Hallucinatory Effects

 

130523093439-nikkei-225-chart-620xa.bmpBy John Richardson

THE reasons cited for last week’s global sell-off in stock markets (see the above chart of the Nikkei up until Thursday last week) were concerns over volatility in the Japanesegovernment bond market and the economic slowdown in China.

Some investors, however, believe that markets have just taken a pause for breath as a result of profit taking and that, fundamentally, everything remains fine.

We don’t believe that this is the case.

The problem is that huge quantitative easing programmes being carried out by the Fed and more latterly the Bank of Japan are having “hallucinatory effects” on investors, who are mistaking stock market rallies for real economic recovery in the West, wrote Stephen King of HSBC in this FT article.

They are also ignoring the slowdown in China, which is not just a temporary phenomenon but instead is the result of a determined and long-term shift in policy direction by Beijing.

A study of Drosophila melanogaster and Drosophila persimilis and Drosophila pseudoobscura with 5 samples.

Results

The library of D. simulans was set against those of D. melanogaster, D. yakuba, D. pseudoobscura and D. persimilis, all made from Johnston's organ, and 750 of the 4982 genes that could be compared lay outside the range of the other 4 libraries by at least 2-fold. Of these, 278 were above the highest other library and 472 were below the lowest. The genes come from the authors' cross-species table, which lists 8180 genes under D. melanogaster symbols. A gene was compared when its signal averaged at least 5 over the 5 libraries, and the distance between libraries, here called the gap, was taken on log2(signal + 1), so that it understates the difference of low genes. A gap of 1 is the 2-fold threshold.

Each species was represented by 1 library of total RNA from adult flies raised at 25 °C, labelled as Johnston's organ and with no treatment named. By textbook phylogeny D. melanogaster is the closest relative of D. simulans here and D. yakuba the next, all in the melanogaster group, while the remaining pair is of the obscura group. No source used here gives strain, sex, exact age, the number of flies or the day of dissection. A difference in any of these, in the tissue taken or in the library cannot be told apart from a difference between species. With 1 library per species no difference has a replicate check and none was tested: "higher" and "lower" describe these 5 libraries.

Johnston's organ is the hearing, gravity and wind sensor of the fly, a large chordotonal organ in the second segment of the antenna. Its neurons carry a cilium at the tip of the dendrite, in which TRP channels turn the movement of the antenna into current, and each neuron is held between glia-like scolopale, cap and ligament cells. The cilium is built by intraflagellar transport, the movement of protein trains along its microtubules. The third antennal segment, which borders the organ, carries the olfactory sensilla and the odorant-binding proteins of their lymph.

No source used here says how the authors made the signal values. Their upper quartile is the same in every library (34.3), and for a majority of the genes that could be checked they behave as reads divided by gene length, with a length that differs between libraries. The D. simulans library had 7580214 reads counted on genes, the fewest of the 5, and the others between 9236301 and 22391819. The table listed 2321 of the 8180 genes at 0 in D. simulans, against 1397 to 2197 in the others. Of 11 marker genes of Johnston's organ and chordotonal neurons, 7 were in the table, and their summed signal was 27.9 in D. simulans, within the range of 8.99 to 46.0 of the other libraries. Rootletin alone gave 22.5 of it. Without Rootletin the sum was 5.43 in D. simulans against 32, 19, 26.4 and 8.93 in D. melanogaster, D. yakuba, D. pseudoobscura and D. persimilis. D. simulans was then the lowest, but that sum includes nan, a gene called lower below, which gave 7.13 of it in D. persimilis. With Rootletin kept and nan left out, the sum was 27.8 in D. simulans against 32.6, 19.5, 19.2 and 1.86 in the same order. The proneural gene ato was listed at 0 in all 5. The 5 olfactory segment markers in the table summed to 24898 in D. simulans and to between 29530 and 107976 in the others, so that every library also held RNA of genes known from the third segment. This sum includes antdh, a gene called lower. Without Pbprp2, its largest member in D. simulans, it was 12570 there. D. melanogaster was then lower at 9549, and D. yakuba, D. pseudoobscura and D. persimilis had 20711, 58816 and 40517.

And, returning to Japan, Reuters wrote in this article: “The old status quo of household saving, current account surpluses and low fiscal deficits has been chucked out of the window. There are more spenders than savers in Japan, and the country is close to facing a current account deficit as well as running a budget deficit of more than 10% of GDP.

“Meanwhile, Japan’s public debt to GDP is approaching 230%, the highest percentage of any nation in the world, with the debt largely funded domestically.”

Hence, the volatility in Japanese government bonds.

Another problem is that trade tensions are bound to increase across Asia as a result of the weakening of the Yen. China has already talked about depreciating the Yuan.

The issue for Japan, and indeed any country that seeks recovery through exports, is that you cannot export your way to recovery when global demand is so weak.